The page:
How do you know if something is abusive? Start by looking at what love does...and does not. 

Your Winter Toolkit: Helping Survivors of Abuse

Survivors of relationship abuse need your help this winter.

Last spring, law enforcement and community agencies around the United States reported that the number of calls for help dramatically decreased as stay-at-home orders became the norm. That’s good, right? Unfortunately, it’s not good. Numbers went down because survivors were unable to leave an abuser and safely report the abuse. They were stuck at home, under an abuser’s thumb 24/7. The pandemic and its accompanying restrictions presented barriers to getting help. Because a survivor was with the abuser more often, they had fewer chances to seek outside help and support.

4 Steps to Help Survivors of Relationship Violence

Survivors need love and support, and to feel physically and emotionally safe before change can begin. This safety extends to their spiritual well-being. Abusers convince survivors that they are worthless, and that God doesn’t love them. They need to be encouraged by the truth of God’s love—that He died to redeem them because of that love.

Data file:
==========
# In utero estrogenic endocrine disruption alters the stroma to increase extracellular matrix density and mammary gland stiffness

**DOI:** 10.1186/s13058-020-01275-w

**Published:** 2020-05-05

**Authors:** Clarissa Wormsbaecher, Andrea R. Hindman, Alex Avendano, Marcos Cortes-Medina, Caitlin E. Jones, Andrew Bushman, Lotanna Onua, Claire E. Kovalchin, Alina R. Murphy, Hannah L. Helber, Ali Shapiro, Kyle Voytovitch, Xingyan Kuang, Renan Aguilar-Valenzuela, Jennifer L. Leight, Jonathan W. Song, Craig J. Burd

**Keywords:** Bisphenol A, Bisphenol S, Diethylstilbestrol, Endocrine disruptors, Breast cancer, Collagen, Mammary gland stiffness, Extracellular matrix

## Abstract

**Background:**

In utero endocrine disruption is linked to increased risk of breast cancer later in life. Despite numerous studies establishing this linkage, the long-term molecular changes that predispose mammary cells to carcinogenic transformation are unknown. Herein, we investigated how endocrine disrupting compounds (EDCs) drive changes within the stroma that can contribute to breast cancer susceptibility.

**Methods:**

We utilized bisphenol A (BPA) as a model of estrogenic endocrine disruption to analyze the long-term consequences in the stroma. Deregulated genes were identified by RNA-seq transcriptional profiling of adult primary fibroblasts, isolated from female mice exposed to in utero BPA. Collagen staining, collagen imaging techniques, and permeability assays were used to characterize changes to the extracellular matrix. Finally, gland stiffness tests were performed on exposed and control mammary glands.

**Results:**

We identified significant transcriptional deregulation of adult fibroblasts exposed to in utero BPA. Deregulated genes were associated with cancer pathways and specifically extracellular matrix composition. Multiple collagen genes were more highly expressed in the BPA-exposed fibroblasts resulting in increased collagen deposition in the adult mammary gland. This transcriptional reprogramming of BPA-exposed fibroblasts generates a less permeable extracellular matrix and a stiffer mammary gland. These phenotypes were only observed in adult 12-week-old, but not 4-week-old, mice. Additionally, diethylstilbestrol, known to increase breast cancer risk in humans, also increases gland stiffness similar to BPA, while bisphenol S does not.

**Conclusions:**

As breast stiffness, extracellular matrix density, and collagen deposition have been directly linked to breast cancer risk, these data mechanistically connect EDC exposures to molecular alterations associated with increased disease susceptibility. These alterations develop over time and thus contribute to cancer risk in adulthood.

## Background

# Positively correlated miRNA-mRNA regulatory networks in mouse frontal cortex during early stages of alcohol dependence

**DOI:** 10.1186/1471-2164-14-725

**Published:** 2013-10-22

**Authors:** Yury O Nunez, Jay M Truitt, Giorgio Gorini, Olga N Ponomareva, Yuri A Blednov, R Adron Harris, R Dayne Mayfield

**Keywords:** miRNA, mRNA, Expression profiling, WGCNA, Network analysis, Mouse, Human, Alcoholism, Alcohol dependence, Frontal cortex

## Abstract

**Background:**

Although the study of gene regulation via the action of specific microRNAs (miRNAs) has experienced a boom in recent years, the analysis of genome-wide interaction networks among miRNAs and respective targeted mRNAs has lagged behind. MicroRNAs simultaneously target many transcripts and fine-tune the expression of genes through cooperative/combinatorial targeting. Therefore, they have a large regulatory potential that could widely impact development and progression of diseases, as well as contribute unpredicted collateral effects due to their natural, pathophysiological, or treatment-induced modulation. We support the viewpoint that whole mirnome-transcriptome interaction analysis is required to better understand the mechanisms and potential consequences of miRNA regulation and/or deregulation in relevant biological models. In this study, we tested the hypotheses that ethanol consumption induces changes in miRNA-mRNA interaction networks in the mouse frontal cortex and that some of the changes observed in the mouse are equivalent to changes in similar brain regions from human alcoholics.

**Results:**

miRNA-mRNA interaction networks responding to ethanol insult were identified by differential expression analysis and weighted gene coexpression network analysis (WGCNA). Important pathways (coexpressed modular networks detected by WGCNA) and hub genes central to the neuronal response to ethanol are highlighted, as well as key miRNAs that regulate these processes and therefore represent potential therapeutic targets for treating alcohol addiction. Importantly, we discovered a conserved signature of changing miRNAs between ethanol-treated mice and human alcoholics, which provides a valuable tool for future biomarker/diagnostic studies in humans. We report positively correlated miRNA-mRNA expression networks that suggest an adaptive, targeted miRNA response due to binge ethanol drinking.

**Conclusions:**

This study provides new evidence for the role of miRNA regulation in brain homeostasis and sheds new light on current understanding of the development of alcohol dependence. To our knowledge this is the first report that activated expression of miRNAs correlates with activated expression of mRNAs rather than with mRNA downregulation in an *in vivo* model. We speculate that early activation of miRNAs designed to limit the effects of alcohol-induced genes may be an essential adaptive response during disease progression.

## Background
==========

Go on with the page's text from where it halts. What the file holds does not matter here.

As witnesses, recognizing abuse or knowing how to help a survivor is challenging; it makes us uncomfortable. But being able to push past the discomfort and reach out can save lives.

Am I in an Abusive Relationship?

Understanding what an abusive relationship looks like is a key step toward getting help.

But abuse can be hard to spot, especially when it is not easily visible. When we think of abuse, it is common to think of physical abuse because it results in scars and bruises that we can see.

Yet physical abuse is just one kind of abuse that can happen. Abuse can also be emotional, sexual, psychological, financial, or spiritual. For Emily, the abuse she endured was emotional and financial.